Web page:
The General Data Protection Regulation comes into force in 28 countries in Europe on 25th May 2018. Are you ready for GDPR?

GPDR for marketers - Marketing research - Complete Guide | Nebu

Wouter Eijben
Posted on 15 December 2017 in GDPR
by Wouter Eijben
4 min

Most likely, you have heard about upcoming new legislation in relation to the processing of personal data. This General Data Protection Regulation (GDPR) will be in effect per May 25th, 2018, and has a big impact on Market Research, as well as other industries.

In many market research projects, personal data is being collected, which means you have to have a basic understanding at least, of what GDPR entails. In this article we want to inform you about steps you can take to ensure you comply with the new legislation, to avoid potentially high penalties.


The General Data Protection Regulation (GDPR) is a regulation by which the European Parliament, the Council of the European Union and the European Commission, intended to strengthen and unify data protection for all individuals within the European Union (EU). The GDPR aims primarily to give control back to citizens and residents over their personal data (any information relating to an identified or identifiable natural person (data subject); this includes name, email address, but also IP address, location data, gender, financial data, medical records, etc.).

New Roles

In this light, we can define three roles:

  • Data Subject - the person about whom the data is stored
  • Data Controllers - the natural or legal person, public authority, agency or another body which, alone or jointly with others, determines the purposes and means of the processing of personal data.
  • Data Processors - the natural or legal person, public authority, agency or another body which processes personal data on behalf of the controller.

In the case of Nebu and your company, you are the Data Controller, and Nebu typically acts as Data Processor.

Controllers and processors have a joint responsibility to abide by the rules provided in GDPR.

According to Article 5 from the EU GDPR, the controller shall be responsible for, and be able to demonstrate compliance with, the principles relating to the processing of personal data (which are: lawfulness, fairness and transparency, data minimization, accuracy, storage limitation and integrity, and confidentiality of personal data).

Data processors need to implement the necessary controls to ensure that they comply with the GDPR, as well as enable the data controller to do so. In Q1 of 2018, Nebu will share tips and tricks with its clients on how to further ensure compliance in practice.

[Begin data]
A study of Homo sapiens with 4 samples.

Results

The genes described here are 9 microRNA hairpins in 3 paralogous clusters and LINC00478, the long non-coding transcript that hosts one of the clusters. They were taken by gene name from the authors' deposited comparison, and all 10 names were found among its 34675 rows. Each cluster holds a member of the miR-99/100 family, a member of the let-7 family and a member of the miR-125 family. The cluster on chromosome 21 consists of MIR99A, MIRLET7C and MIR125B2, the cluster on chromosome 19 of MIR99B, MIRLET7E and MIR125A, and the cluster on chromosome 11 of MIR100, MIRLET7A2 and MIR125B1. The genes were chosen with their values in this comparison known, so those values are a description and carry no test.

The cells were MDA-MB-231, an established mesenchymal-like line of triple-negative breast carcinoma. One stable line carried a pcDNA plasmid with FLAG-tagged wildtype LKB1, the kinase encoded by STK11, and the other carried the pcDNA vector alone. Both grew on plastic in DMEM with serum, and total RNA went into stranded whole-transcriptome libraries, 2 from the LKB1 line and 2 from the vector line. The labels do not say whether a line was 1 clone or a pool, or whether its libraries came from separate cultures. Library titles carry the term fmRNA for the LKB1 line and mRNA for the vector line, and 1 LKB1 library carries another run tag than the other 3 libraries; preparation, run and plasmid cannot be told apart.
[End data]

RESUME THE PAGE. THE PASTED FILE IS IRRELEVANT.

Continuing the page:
What is the impact of GDPR?

GDPR introduces several changes, compared to the current situation. Most notably there are:

  • The right to data access - EU citizens will have the right to access all personal information a company holds on them. As well as how long it is stored,  why that information is kept and who has access to it. This information must be provided to any ‘Data Subject’ who requests this, within one month after the request is submitted.
  • The right to be forgotten - EU citizens can demand their data be deleted if the personal data are no longer necessary in relation to the purposes for which they were collected or otherwise processed, or if they withdraw consent on which the processing was based originally.
  • The right to rectify data - EU citizens can request that data be altered/rectified or incomplete data be updated.
  • The right to prevent profiling - it is no longer allowed to process personal data and use this for the purpose of evaluating certain personal aspects relating a natural person, without consent.

It is highly recommended to review whether your company has processes in place to deal with the above mentioned requests.

In future blogs, we’ll be addressing related topics like Data Breaches, Privacy by design and default, Data Processing Agreement (DPA), and how you can comply with aforementioned requests from “data subjects” within the Nebu suite.

Disclaimer: This blog was created by Nebu in order to provide a high-level, general understanding of GDPR, and should by no means be considered or used as a substitute for legal advice. Nebu does not accept any responsibility or liability for the accuracy, completeness, legality, or reliability of the information contained on this blog.

If you would like to ask a GDPR related question, please submit it via the form on the right.